Obama vows to protect women’s right to choose on anniversary of Roe v. Wade


In the statement, President Obama wrote: 

"As we mark the 39th anniversary of Roe v. Wade, we must remember that this Supreme Court decision not only protects a woman’s health and reproductive freedom, but also affirms a broader principle: that government should not intrude on private family matters. I remain committed to protecting a woman’s right to choose and this fundamental constitutional right. 

While this is a sensitive and often divisive issue, no matter what our views, we must stay united in our determination to prevent unintended pregnancies, support pregnant women and mothers, reduce the need for abortion, encourage healthy relationships, and promote adoption. And as we remember this historic anniversary, we must also continue our efforts to ensure that our daughters have the same rights, freedoms, and opportunities as our sons to fulfill our dreams."

It kind of makes you want to forward a copy to all of your Facebook friends who post anti-choice rhetoric on their news feeds, with the subject line "BAM!!!" and the video for Montell Jordan's "This Is How We Do It" attached.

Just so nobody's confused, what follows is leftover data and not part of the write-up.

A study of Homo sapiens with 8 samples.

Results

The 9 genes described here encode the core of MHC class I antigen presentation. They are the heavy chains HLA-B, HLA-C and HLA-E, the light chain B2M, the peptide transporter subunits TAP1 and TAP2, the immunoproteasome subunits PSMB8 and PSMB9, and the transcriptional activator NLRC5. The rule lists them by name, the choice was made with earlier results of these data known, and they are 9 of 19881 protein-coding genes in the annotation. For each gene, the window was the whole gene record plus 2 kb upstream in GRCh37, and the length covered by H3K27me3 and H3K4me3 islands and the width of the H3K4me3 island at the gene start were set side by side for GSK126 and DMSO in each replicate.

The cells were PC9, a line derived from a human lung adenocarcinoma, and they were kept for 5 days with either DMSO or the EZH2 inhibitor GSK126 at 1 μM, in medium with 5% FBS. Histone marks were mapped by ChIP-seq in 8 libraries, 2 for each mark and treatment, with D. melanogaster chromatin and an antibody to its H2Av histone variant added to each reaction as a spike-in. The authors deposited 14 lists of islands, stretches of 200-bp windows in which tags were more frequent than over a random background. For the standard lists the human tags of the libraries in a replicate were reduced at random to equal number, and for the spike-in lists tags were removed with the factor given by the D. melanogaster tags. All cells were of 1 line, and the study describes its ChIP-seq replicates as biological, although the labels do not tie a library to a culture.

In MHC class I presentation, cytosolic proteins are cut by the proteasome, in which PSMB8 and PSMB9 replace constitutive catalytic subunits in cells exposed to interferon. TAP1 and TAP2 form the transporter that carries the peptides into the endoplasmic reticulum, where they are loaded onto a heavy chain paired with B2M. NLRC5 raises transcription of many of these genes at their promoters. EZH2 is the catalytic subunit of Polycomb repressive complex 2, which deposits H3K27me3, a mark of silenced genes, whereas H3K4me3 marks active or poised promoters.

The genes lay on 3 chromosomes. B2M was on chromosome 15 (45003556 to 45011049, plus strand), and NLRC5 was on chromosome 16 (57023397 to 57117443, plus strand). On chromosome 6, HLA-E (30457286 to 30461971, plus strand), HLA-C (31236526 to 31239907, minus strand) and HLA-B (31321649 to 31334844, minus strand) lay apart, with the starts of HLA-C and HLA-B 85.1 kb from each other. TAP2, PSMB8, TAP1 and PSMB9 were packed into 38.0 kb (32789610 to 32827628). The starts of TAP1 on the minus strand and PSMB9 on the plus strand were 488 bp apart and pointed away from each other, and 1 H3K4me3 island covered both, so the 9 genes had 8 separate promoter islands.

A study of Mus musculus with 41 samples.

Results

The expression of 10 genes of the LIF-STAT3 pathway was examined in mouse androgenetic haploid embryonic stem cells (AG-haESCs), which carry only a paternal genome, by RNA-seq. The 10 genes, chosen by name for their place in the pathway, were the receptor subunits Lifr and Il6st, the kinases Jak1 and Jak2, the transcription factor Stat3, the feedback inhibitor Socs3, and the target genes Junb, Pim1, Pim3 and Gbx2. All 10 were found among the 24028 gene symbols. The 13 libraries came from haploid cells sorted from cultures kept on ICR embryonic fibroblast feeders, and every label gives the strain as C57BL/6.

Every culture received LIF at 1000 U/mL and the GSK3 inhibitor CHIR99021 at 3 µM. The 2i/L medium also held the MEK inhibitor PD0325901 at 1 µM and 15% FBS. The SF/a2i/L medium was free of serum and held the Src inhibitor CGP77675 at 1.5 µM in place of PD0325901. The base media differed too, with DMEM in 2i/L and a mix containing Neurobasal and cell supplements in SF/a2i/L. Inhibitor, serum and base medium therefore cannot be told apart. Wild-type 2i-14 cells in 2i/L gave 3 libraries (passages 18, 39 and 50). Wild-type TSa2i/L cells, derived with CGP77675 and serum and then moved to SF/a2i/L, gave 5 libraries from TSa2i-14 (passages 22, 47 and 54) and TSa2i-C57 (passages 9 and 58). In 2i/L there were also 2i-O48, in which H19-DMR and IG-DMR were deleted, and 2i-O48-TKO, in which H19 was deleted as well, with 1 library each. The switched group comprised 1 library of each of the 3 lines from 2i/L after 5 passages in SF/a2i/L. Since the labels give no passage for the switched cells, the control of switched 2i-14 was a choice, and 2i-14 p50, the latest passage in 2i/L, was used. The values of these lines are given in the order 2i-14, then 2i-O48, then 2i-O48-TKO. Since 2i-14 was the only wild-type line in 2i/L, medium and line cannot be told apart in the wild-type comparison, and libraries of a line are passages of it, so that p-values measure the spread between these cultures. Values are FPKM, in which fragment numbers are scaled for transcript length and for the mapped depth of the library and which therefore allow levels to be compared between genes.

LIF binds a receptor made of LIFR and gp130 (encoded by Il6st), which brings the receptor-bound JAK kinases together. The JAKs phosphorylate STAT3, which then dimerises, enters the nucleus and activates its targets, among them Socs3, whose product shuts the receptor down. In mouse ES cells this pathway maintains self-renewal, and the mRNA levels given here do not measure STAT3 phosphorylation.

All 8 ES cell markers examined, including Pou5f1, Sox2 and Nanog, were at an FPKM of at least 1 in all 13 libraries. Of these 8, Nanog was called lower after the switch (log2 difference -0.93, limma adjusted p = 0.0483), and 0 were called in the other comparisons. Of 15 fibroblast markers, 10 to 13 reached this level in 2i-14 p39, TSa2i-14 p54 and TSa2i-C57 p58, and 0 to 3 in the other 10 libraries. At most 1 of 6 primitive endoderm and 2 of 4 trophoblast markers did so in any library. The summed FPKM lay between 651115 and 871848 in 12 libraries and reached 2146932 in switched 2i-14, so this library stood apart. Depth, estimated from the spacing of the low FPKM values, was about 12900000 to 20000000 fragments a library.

The president's message of support for Roe v. Wade is particularly significant when compared to the four remaining GOP candidates' own stances on reproductive rights (if you need a refresher course, they have all stated that they would like to see Roe v. Wade reversed, so states could have the right to ban abortions). Indeed, former House Speaker Newt Gingrich, who won the South Carolina primary Saturday, reestablished his support at a Personhood Forum for a fetal "personhood" amendment, which would give fetuses full legal personhood rights and possibly make some forms on contraception, in vitro, and stem cell research illegal.